When Fashion designer Ron Finley made headlines last year it wasn’t because of his day job, but because of a garden he planted along an L.A. sidewalk. The food forest, as the designer turned urban farmer describes it, was started on a parkway next to his home, and took up the 10-foot-wide, 150-foot-long strip once dominated by unruly grass.
In May of 2011, Finley was cited because his food garden was out of compliance and ordered to remove all of the overgrown vegetation or apply for a $400.00 permit that would allow it.
"People are losing their homes, they're hungry, they're unemployed, and this area is so under-served with nutritional food," Finley told the Los Angeles Times last year. After rallying community support it seems the garden has been saved.
Tour Ron Finley’s Food Forest
In this recent video Finley gives a tour of the garden and talks about the impact it has had on his community. The food forest has created opportunities for dialog with his neighbors-even with those who don’t speak English- that he otherwise wouldn’t have had.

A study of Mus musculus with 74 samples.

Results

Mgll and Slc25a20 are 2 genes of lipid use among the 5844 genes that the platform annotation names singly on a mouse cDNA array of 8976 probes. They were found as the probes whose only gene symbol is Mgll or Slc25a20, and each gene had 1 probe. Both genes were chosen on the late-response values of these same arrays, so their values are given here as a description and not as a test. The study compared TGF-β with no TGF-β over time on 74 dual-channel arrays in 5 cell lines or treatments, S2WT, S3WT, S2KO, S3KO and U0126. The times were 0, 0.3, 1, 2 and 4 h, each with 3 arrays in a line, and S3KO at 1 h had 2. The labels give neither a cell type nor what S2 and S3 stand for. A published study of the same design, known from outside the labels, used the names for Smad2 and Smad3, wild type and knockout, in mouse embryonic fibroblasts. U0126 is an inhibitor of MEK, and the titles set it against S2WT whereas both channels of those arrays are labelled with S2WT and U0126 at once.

People come from all over the area just to see the garden. Some bring relatives who no longer have places to garden so they can recall what it was like to have a garden. Finley mentions finding people at all hours of the day and night in the garden. One could argue that the food forest is naturally creating instances of 'positive loitering' and helping police the neighborhood.
Another interesting effect of the garden is the shareable economy it is creating among his neighbors. The elderly Japanese man he found walking the garden who didn’t speak English returned one day with plants he wanted to gift Finley. He mentions finding a mother and daughter in the garden at 10:30pm and realizing that to be in the area at that time meant they were in need. So he told them to take whatever food they needed.
This food forest is an example of how food deserts can be transformed. We just need more people like Finley to care to do it.
Have you witnessed any changes in yourself, your neighbors and community that you can attribute to your garden?